The Associated Press reported today that Louisiana State head coach Les Miles signed a contract extension that will keep him with the Tigers through 2012, ending speculation that he'd defer to Michigan, where he coached under Bo Schembechler.
"I look forward to many years as the LSU head coach," Miles told the LSU Board of Supervisors.
That's his story, and he's sticking to it.
In fact, he never wavered from that stance or from his insistence that he had no interest in taking a job coaching the Wolverines. You wouldn't have known that if you watched any of the stations in the ESPN family last weekend. Commentators in an endless stream of commentary were convinced that Miles' bags were packed for Ann Arbor, and that anything he said was only lip service in attempts to buy himself a reprieve from endless questioning and distractions.
Miles might still be buying time, and his current loyalty might flip after the national championship. I've just yet to hear any convincing reason to believe so other than Herbstreit's unnamed sources. I heard football analysts saying one thing, their subject saying and doing the opposite.
Right now, it seems that ESPN analysts and commentators created a story from hearsay and a reality (Miles wants to coach at Michigan) from a coincidence (Miles used to coach at Michigan). His return seemed so interesting that nothing -- not even evidence that Miles wasn't at all interested -- could sway commentators from describing how the story would unfold.
I and many others have talked about the ridiculous amount of unfounded speculation that now dominates ESPN, so I won't discuss that again. What's more interesting is that analysts and commentators who updated the "saga" in and within normal broadcasts last Saturday kept citing anonymous "sources."
The most common usage of such sources came from Kirk Herbstreit, a former college quarterback who's been with ESPN for more than a decade, who backed up his claims that Miles was leaving by referring to several sources he never revealed. He said that they were "close to the situation."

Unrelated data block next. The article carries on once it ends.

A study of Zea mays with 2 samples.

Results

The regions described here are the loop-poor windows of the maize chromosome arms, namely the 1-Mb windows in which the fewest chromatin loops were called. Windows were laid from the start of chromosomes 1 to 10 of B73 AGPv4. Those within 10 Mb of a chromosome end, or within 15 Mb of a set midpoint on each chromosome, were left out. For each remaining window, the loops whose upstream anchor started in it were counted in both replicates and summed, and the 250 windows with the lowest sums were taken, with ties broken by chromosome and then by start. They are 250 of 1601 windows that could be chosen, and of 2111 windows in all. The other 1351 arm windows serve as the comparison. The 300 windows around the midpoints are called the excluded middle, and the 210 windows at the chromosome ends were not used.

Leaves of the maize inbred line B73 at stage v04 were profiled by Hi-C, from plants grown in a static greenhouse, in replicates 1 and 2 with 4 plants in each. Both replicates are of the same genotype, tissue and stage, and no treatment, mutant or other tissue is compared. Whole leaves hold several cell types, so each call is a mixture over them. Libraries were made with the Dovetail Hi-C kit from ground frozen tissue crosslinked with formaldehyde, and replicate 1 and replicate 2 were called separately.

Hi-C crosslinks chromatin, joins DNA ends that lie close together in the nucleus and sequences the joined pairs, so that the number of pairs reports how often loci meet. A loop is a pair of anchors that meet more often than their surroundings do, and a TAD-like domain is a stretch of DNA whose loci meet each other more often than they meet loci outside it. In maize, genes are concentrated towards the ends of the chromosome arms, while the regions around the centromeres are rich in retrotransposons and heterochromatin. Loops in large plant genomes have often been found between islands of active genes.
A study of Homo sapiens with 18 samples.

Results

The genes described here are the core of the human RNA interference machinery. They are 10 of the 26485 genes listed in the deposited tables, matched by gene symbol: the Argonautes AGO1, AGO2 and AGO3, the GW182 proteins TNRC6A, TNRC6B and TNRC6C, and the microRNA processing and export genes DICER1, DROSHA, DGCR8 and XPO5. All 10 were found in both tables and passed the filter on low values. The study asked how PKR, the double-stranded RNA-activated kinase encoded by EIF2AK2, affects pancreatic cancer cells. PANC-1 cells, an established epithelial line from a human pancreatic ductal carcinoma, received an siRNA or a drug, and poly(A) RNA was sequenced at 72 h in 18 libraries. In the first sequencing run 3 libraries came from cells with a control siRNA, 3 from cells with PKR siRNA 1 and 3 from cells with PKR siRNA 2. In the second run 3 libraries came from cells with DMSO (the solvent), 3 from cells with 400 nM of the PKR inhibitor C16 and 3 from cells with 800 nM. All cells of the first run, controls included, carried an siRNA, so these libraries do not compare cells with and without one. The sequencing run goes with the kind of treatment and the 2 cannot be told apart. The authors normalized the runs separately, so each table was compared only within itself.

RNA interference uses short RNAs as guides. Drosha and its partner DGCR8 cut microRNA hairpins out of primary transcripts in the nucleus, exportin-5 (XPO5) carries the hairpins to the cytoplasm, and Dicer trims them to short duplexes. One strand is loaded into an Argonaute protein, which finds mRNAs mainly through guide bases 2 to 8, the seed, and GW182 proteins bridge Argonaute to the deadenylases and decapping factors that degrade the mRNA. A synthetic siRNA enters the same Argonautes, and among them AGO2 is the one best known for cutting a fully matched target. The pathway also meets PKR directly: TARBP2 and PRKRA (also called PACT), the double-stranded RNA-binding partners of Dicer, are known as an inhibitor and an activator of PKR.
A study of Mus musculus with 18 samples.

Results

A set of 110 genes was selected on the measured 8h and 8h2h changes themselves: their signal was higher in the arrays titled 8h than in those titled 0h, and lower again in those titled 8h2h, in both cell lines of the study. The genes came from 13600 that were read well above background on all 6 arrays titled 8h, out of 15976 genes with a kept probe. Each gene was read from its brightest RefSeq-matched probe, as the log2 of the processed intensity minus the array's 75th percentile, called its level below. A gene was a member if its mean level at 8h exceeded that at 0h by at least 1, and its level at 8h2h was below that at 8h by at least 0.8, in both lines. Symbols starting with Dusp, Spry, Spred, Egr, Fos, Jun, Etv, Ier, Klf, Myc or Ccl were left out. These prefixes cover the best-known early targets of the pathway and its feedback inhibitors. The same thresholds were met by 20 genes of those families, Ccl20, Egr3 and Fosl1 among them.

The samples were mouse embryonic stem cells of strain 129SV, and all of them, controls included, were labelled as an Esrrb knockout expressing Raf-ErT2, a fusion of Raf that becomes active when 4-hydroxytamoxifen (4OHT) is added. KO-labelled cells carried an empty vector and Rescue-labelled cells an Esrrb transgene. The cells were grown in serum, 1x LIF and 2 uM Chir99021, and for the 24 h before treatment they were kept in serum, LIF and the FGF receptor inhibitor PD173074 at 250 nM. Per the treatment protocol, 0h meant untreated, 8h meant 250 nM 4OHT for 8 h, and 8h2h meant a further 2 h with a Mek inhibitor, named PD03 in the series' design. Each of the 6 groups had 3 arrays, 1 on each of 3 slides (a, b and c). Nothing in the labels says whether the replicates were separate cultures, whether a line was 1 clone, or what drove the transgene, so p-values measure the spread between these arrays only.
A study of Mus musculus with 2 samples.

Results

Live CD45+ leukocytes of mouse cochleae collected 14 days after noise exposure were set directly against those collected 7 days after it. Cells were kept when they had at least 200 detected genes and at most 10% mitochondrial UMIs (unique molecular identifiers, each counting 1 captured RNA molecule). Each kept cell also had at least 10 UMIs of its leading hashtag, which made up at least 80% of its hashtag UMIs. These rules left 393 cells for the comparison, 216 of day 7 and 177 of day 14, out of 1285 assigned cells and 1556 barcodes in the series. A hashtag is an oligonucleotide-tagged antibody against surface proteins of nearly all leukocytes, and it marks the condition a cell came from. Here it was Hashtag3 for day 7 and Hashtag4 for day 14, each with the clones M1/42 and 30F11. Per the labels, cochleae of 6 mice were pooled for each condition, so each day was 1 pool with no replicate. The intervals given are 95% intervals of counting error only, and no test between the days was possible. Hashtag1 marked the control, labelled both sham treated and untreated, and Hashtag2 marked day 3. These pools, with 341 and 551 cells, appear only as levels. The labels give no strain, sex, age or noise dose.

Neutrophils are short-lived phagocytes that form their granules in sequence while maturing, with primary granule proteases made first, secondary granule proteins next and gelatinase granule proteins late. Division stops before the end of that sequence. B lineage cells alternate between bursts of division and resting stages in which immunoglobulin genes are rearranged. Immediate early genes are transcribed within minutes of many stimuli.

To me, a newspaper reporter, this was quite bizarre -- not just because Herbstreit's info turned out to be wrong, but because he seemed so casual about using unnamed informants. You wouldn't know it by watching ESPN that day, but citing an anonymous source is a big deal in journalism. A source isn't some guy overheard at a bar; it's a trusted informant who has accurate knowledge pertaining to a story.
And there are rules for using one in a story. Each newspaper has its own set of guidelines for unnamed sources, but there are usually some similarities. For instance,
1. In addition to the reporter, at least one editor has to know who the source is.
2. An anonymous source is to be used only when a named source with the same info can't be found.
3. A source has to have crucial info pertaining to the story and how it unfolds. He/she also has to be trustworthy.
4. There has to be a significant reason -- say, fear of injury or losing a job -- why the source doesn't give his/her name.
I'm not sure if Herbstreit's source was legitimate or not, and I don't expect him to reveal it, as Miles suggested he should when he called out those reponsible for speaking false about his decision. But all day long, Herbstreit and other commentators quoted unnamed sources seemingly at random and without guidelines.
Saturday's saga raises several questions:
1. Are there similar restrictions to those used by newspapers for using anonymous sources on the air?
2. What are they?
3. Why did Hersbtreit and others rely on sources who turned out to be inaccurate?